The Senate Ethics Committee announced Tuesday that it has dismissed insider trading complaints against Sen. Kelly Loeffler (R-Ga.) after allegations she misused privileged information to adjust her investment portfolio ahead of the pandemic-driven market crash.
Following a preliminary inquiry, the ethics panel “did not find evidence that your actions violated federal law, Senate rules, or standards of contact,” Deborah Sue Mayer, the committee’s chief counsel, wrote to Loeffler in a letter (pdf) dated June 16.
“Accordingly, consistent with its precedent, the committee has dismissed this matter,” Mayer wrote.
Loeffler commented on the panel’s decision in a post on Twitter: “The fake news media takes another loss. Exonerated. Again.”
Loeffler and her husband, Jeff Sprecher, who heads the company that owns the New York Stock Exchange, sold stocks after she and a half dozen senate lawmakers liquidated parts of their investment portfolios after receiving sensitive briefings on the severity of the Chinese Communist Party (CCP) virus.
Allegations of wrongdoing, which Loeffler has repeatedly denied, revolved around claims that she and others leveraged for personal gain information from a closed-door Senate-only meeting that previewed COVID-19 impacts, potentially giving participants an edge on markets.
Loeffler has argued that she makes no decisions regarding her investments as they are managed by a third party without her involvement.
“I want to set the record straight: This is a ridiculous & baseless attack. I don’t make investment decisions for my portfolio. Investment decisions are made by multiple third-party advisors without my or my husband’s knowledge or involvement,” Loeffler wrote on Twitter shortly after the allegations first surfaced.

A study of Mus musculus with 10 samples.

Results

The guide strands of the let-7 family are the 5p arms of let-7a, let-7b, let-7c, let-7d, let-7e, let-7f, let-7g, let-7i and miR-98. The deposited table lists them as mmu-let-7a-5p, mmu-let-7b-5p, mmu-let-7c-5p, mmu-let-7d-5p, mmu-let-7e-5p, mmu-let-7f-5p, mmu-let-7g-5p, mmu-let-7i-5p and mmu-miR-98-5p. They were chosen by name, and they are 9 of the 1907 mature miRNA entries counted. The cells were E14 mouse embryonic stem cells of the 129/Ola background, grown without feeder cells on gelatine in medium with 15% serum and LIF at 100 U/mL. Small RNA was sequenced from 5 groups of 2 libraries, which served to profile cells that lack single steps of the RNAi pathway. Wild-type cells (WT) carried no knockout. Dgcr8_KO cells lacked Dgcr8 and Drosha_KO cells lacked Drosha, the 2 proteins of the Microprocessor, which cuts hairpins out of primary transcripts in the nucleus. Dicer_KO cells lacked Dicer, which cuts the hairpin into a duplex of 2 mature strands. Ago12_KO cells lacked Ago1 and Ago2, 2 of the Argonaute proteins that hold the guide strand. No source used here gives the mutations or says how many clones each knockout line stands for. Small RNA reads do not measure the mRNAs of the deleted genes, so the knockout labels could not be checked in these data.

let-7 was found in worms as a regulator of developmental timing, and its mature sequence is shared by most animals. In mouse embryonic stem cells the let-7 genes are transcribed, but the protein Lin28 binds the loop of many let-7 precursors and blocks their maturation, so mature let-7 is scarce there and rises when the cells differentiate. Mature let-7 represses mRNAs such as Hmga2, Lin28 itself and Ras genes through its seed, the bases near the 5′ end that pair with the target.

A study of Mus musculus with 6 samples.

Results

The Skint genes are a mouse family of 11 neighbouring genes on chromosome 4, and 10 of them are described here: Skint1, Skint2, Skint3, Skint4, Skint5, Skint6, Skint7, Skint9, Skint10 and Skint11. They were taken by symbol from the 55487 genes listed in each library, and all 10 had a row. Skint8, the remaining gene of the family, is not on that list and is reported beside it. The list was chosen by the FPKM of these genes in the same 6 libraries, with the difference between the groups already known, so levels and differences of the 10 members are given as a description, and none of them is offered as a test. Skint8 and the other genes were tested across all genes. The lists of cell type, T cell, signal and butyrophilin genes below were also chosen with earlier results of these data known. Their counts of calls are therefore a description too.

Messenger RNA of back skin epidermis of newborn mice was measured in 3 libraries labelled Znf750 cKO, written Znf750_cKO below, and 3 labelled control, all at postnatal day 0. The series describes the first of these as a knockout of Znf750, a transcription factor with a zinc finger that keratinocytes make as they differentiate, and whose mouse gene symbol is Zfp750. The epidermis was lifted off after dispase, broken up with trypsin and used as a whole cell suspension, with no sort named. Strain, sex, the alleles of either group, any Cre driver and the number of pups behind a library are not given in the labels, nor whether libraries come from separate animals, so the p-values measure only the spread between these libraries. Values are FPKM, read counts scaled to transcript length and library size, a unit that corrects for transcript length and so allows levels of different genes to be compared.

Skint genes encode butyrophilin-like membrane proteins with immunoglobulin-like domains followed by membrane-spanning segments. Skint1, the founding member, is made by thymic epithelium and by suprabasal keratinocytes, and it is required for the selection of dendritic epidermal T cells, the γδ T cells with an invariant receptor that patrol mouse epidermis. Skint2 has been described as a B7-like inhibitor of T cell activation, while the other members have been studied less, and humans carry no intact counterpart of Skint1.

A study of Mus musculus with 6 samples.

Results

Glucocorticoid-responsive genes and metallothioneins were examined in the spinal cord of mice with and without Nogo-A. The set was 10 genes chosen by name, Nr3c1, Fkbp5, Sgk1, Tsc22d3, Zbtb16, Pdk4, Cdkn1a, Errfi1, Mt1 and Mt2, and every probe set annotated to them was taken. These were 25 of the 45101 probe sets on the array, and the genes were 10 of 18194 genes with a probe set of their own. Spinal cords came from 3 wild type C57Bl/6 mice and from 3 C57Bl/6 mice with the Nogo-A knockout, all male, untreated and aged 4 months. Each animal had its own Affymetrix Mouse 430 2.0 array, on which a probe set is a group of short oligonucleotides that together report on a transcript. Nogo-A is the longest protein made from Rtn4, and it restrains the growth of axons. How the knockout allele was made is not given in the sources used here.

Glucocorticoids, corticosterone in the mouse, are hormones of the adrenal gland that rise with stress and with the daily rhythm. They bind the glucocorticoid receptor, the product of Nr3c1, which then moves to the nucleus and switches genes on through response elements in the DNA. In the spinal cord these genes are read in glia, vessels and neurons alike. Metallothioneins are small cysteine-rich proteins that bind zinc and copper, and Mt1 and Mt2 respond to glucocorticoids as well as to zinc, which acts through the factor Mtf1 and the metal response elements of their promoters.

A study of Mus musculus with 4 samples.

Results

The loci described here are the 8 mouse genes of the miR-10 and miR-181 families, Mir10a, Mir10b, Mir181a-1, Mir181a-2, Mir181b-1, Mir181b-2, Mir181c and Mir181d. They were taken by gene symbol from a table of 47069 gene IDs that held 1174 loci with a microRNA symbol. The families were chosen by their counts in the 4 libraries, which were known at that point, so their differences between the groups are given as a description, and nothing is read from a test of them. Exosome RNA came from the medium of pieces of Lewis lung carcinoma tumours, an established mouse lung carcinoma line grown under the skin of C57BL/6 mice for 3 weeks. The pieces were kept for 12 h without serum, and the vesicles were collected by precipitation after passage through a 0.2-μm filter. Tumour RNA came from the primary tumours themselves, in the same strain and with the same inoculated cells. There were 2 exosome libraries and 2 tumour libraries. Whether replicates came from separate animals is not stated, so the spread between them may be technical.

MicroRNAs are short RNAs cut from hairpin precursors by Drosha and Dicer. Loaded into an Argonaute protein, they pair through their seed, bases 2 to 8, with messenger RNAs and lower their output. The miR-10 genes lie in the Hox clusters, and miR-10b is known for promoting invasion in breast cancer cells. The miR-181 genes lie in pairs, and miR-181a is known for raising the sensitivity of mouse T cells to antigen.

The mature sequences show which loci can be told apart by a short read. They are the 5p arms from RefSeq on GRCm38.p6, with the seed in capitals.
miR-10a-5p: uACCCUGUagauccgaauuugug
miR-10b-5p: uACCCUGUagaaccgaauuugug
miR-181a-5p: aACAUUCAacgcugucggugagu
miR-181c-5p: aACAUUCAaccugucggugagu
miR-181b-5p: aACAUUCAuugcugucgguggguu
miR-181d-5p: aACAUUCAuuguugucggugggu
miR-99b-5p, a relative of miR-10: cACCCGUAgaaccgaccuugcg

One of the groups that asked the Senate Ethics Committee to investigate Loeffler’s stock transactions is Common Cause, whose director of money in politics and ethics told The Atlanta Journal Constitution that legislation should be passed compelling lawmakers to put their investments in blind trusts.
“Sen. Loeffler, together with other congresspeople, should have all of their stocks in blind trusts so that everyday Americans do not have to guess about whether their representatives are putting their own interests over the interests of their constituents,” said Beth Rotman, in remarks to the outlet.
The ethics panel’s decision to dismiss allegations against the Georgia senator comes weeks after the Department of Justice (DOJ) dropped investigations into stock trades made by Loeffler, as well as Sens. Dianne Feinstein (D-Calif.) and Jim Inhofe (R-Okla.).
“The Senate Ethics Committee has come to the exact same conclusion as the U.S. Department of Justice: Senator Loeffler did absolutely nothing wrong and has been completely exonerated,” a spokesperson for Loeffler told The Hill. “Despite the obvious attempts by the media, political opportunists and liberal groups like CREW and Common Cause to distort reality, facts still matter and the truth is prevailing.”